GENEVA, JUNE 23 – The three-day high-level Humanitarian Segment of ECOSOC (Economic and Social Council) meetings concluded today in Geneva, marking a significant moment in the UN debate on humanitarian assistance. Chaired by the Italian Permanent Representative to the UN, Ambassador Maurizio Massari, the discussions concluded with the adoption of an important resolution aimed at improving the coordination and effectiveness of UN humanitarian assistance worldwide and its life-saving aid to populations affected by conflicts, famines, and natural disasters. Italy, along with Kenya, led the negotiations, and despite diverging positions among some Member States, the resolution was adopted by consensus, without a vote.

The resolution reaffirms the importance of international humanitarian law and includes progressive language on the prohibition of attacks against objects essential for the survival of civilian populations, the protection of civilian infrastructure, and the functioning of agri-food systems and markets in situations of armed conflict. “Unfortunately, the war in Ukraine has shown us how urgent these issues are,” emphasized Massari. For the first time, the resolution also highlights the link between food insecurity and displacement. This year’s focus on food security was a result of Italy’s action and impetus, also in view of the important UN Food Systems Summit to be hosted in Rome from July 24 to 26.

The text also emphasizes the importance of humanitarian organizations intensifying their efforts to prepare for, address, and reduce the humanitarian consequences of climate change and environmental risks and to embrace the Early Warning for All initiative launched during the COP27 held in Sharm El Sheikh. “We must implement it by 2027,” underscored the Ambassador.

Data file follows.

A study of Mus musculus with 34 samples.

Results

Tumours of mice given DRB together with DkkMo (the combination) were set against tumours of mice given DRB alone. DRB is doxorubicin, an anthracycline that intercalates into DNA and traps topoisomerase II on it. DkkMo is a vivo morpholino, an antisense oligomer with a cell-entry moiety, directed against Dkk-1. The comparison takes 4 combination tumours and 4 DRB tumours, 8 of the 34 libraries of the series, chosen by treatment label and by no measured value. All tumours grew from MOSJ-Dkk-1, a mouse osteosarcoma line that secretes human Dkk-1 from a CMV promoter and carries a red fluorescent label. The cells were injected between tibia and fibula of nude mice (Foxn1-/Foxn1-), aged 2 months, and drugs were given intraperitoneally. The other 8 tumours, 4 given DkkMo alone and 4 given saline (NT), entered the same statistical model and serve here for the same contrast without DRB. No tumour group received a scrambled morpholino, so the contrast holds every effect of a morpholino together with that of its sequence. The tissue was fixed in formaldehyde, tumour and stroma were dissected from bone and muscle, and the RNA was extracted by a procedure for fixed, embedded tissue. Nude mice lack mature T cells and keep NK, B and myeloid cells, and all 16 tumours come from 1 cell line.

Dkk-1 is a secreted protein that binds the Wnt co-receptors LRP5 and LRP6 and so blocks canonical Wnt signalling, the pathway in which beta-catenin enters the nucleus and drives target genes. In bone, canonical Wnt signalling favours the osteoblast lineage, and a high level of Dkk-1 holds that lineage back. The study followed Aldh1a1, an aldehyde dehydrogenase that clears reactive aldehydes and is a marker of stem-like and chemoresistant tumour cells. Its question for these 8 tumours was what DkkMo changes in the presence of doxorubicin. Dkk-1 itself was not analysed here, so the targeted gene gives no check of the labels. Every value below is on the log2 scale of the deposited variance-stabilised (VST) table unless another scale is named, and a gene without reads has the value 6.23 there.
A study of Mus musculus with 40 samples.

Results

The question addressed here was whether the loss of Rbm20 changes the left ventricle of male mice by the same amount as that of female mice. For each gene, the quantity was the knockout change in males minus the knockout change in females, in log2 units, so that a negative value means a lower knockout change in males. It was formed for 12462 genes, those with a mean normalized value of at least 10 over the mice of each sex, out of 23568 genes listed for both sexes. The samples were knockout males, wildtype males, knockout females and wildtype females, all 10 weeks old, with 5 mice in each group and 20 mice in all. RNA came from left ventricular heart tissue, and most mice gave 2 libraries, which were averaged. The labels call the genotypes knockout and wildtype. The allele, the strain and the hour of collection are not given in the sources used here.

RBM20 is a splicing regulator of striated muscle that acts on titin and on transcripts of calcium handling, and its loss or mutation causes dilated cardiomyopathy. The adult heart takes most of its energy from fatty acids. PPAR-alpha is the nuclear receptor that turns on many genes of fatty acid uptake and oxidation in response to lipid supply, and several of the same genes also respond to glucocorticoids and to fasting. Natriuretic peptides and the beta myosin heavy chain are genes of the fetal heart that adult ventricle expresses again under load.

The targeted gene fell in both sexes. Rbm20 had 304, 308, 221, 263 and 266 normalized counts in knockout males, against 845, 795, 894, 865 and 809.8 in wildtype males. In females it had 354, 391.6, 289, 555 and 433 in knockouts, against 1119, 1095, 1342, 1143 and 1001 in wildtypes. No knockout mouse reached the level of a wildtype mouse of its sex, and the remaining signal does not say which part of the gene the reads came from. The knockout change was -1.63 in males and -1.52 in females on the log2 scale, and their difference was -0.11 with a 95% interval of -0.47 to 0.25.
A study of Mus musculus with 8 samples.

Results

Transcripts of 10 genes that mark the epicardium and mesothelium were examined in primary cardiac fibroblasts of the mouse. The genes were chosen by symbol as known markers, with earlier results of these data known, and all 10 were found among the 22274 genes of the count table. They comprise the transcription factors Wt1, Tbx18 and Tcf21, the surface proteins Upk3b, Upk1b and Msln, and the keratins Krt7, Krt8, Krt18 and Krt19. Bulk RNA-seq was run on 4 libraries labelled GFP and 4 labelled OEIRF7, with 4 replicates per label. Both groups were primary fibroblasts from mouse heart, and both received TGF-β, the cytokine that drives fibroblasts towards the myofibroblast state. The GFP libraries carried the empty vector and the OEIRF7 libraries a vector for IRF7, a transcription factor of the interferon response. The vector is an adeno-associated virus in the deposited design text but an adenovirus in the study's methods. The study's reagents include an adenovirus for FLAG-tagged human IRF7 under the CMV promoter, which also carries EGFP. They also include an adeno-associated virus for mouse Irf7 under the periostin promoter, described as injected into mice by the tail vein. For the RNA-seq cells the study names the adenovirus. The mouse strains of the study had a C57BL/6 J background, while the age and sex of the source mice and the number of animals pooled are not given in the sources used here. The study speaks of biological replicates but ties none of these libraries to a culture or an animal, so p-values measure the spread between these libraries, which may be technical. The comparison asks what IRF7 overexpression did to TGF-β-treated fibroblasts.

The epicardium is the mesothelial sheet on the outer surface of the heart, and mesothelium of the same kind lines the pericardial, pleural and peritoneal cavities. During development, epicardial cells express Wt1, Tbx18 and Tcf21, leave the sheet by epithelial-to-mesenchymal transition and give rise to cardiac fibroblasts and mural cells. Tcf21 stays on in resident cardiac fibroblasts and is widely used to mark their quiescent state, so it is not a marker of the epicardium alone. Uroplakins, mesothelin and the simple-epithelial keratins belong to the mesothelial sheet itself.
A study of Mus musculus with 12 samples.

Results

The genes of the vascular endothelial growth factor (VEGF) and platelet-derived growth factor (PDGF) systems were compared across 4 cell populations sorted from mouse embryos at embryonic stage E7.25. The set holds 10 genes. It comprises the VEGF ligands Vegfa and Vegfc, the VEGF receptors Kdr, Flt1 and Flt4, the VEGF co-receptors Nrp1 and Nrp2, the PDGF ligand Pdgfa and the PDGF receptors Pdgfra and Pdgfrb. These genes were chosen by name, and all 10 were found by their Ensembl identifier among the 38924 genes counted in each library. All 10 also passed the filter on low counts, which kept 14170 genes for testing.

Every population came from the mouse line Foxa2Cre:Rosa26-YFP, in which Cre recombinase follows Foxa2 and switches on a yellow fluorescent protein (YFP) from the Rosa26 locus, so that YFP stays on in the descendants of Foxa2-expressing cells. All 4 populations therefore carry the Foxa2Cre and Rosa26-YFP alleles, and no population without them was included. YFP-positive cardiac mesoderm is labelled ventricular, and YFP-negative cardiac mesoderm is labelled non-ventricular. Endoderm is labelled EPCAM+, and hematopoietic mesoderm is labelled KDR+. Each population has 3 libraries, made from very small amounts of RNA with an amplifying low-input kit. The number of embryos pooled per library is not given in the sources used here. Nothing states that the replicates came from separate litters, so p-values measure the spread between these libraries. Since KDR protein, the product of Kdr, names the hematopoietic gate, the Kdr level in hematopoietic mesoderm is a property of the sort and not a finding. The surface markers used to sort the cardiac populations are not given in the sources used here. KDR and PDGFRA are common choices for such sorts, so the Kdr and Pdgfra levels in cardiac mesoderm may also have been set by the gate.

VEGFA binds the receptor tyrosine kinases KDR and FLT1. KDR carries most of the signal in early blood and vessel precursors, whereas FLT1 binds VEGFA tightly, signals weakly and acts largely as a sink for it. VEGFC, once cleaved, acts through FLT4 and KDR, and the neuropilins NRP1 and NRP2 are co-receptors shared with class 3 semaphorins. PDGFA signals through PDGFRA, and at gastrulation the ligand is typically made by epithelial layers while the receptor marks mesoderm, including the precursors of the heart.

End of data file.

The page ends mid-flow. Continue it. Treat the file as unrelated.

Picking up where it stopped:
According to the United Nations, 2023 marks a new record in the number of people worldwide in need of humanitarian assistance: 360 million, a growth of over 6% compared to 2022. “The needs far exceed the available resources,” highlighted Martin Griffiths, UN Under-Secretary-General for Humanitarian Affairs and Emergency Relief Coordinator. “Our approach must focus on people, including those most affected, such as women and children. Humanitarian workers should have unhindered and unobstructed access to areas where aid is delivered, yet they continue to be attacked, injured, or killed in the field all too often. The status quo is not an option for the future.”

ECOSOC: Segmento umanitario adotta risoluzione negoziata dall'Italia“We are facing the largest global food crisis in modern history, and the specter of famine looms for millions of people, while hundreds of thousands are living in life-threatening conditions. And this challenge cannot be overcome by humanitarian aid alone: a holistic approach is needed, with political solutions, climate adaptation, and mitigation – especially regarding agriculture and sustainable and climate-resilient livelihoods,” said Massari. In this regard, the need for flexible and urgent financing for preventive action was emphasized: initiating a humanitarian response before a predictable shock occurs is faster, more dignified, more cost-efficient, and can save lives.

To address the climate challenge, it is necessary to increase investments in disaster risk reduction and climate adaptation in the most vulnerable and exposed communities and countries. “Climate-related displacement and migration are increasing and will worsen if we do not change course,” emphasized the Ambassador.

At the heart of the debate was the unanimous judgment that “women and girls should be considered a priority and at the center of our strategies, risk assessment, and programmatic responses. They must be present at the decision-making table for the design of humanitarian and development solutions. We must also ensure that funding reaches the NGOs and women’s organizations that are often at the forefront of the response. I hope that next year’s resolution will be bolder in this direction,” stated Massari.

To bridge the funding gap, it will be essential to continue supporting the UN Central Emergency Response Fund (CERF), which operates in over 40 countries worldwide, providing life-saving assistance to millions of people in need (Italy was among the top ten annual donors for the first time in 2021 and 2022).

The meetings concluded with a special tribute and applause to the humanitarian community, which works in the most challenging circumstances around the world and risks their lives to save others’. (@OnuItalia)

Il giornale Italiano delle Nazioni Unite. Ha due redazioni, una a New York, l’altra a Roma.